Thursday, October 29, 2009


I recorded that show on the History Channel last night about the Beast of Gévaudan--a beast considered a werewolf during the 1760s. During 1764-67, more than 100 women and children were brutally killed by this "beast," and some of them were also sexually violated. I hadn't heard about this incident before so I was quite interested in it.

The two guys on this show were some alleged cryptozoologist from San Antonio and a police profiler from somewhere else.

My first complaint: their conversations were obviously scripted. Either that, or they both have the most monotonous and un-modulated voices I have ever heard.

But the big complaint, and the one which made me turn it off and give up before even the 30-minute mark, was a blatant lie.

The so-called crypto guy was trying to show the police guy that some odd creatures may be out there, so he used some search engine (not Google) to hunt down the Cuero "chupacabra." He gave the police guy a brief synopsis of the case, and then said something like, "scientists still have not been able to determine what it was."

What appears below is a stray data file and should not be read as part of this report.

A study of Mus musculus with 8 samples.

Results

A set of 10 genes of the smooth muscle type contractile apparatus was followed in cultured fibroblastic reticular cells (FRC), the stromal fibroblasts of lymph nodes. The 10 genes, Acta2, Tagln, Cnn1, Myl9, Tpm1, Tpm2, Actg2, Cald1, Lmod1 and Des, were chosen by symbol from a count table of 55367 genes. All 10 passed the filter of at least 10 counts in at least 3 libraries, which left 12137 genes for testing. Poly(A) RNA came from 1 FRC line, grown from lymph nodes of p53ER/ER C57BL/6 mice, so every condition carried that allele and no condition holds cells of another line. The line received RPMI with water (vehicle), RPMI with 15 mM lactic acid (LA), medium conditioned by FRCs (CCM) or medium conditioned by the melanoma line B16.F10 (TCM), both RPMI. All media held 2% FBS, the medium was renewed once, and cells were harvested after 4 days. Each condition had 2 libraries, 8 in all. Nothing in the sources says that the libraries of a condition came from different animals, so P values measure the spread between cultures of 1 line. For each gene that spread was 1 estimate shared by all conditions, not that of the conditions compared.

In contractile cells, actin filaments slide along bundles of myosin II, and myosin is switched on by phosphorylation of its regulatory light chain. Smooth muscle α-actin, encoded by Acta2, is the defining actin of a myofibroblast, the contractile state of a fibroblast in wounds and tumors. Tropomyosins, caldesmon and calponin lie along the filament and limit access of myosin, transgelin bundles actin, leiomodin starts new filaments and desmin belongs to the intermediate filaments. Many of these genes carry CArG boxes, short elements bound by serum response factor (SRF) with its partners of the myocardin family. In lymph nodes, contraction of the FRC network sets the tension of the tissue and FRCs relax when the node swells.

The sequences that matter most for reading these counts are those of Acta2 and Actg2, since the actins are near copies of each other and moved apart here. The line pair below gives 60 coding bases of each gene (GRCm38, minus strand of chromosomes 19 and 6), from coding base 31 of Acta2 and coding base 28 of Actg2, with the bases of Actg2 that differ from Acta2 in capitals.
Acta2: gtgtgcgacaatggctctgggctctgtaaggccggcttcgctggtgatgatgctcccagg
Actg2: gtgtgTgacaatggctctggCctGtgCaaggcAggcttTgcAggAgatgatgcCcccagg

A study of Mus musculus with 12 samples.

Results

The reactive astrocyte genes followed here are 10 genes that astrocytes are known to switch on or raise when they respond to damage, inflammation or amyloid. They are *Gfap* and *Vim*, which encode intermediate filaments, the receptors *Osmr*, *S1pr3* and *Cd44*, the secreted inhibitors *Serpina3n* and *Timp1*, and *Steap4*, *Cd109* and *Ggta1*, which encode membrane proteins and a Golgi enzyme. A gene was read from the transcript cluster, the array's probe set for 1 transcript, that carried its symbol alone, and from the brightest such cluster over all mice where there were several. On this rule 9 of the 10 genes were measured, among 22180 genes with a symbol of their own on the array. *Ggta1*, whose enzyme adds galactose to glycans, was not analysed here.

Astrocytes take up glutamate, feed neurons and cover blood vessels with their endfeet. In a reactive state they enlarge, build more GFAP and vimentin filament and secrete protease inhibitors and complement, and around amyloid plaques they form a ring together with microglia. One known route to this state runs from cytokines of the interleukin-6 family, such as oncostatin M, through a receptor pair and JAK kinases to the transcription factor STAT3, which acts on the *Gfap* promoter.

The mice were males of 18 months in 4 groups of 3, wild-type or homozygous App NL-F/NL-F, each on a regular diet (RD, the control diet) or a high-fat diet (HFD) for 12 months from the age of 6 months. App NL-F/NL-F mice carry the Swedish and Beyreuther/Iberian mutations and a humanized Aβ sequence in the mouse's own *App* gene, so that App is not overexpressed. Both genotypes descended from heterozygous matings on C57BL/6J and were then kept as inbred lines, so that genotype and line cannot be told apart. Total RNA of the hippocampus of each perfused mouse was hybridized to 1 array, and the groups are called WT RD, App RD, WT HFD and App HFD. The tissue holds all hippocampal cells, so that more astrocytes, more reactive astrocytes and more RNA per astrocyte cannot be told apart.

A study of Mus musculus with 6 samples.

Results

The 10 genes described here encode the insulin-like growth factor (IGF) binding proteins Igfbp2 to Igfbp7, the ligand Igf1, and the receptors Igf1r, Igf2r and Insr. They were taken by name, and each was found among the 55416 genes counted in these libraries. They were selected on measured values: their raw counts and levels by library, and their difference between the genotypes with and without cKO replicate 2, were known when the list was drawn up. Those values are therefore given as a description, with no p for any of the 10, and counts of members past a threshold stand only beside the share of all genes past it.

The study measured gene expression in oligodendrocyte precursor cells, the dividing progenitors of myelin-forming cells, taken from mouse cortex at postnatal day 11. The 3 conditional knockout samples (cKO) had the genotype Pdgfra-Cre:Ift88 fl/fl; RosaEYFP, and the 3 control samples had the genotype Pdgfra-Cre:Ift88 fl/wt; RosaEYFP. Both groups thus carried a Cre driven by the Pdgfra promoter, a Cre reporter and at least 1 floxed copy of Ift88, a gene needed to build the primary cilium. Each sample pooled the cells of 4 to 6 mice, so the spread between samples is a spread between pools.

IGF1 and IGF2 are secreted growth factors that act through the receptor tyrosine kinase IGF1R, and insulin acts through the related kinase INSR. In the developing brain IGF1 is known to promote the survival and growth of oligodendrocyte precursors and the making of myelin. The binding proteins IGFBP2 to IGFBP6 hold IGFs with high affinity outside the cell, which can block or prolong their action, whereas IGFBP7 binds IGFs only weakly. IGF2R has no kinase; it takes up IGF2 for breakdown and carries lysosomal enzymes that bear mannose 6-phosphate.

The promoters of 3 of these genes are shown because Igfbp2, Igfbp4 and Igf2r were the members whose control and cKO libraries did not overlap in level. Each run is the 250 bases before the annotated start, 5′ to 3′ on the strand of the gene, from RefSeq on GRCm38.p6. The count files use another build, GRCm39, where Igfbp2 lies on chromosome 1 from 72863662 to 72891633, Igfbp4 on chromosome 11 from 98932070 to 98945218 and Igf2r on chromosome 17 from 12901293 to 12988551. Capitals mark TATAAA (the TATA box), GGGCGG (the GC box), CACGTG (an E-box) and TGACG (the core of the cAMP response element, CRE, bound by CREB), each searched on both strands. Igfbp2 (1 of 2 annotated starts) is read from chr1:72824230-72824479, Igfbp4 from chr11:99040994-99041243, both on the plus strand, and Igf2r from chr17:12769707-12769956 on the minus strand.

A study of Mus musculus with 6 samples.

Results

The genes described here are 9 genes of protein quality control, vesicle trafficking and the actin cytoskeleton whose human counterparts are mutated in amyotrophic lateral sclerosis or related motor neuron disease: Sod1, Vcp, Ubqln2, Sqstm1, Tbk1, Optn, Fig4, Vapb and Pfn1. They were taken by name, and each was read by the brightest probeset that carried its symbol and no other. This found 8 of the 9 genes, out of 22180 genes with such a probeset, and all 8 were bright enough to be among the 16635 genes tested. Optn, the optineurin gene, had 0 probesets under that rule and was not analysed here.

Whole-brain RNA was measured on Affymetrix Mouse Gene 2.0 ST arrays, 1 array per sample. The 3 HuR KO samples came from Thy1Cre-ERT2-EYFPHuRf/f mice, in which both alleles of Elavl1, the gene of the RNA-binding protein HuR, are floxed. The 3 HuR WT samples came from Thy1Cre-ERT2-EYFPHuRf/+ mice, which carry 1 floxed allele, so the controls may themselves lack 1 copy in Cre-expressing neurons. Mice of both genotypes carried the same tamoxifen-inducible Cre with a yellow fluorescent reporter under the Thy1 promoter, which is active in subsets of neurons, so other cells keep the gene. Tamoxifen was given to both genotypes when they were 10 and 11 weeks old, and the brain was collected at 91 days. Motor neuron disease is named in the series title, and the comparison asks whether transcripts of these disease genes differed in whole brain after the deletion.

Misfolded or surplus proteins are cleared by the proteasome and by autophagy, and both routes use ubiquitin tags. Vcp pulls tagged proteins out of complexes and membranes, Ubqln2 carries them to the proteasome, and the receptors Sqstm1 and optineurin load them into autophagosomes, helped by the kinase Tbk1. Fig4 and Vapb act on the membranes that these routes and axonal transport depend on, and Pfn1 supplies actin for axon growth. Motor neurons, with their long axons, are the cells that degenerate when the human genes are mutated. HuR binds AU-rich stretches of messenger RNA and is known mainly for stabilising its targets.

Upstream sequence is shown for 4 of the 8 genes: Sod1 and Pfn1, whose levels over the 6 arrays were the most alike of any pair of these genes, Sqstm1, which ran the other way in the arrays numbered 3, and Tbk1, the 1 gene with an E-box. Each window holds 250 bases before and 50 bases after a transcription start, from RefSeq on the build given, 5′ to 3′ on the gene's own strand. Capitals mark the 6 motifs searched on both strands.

False. False false false false false.

Here's a pertinent screen cap:

As usual, click to enlarge. You will see exactly what I saw on the very first page of search hits for "cuero chupacabra." You don't even have to click to see that it has been determined that the creature was a coyote. Furthermore, if you go to that first link (and follow it to the second link), you will find that the woman herself who first found the coyote admits to the validity of the DNA tests which show that it was a coyote that also had some Mexican wolf ancestry.

So...if you missed it, you didn't miss it. The utter blatancy of that one lie puts the whole show down the toilet as far as I'm concerned.

I do want to hunt down a book about the Beast of Gévaudan, though. It still sounds like a very strange and compelling case of mass murder.

1 comment:

  1. You may enjoy the movie based on the incident; it was quite good. Brotherhood of the Wolf is the title. It is fiction, but quite good in either the French or English versions.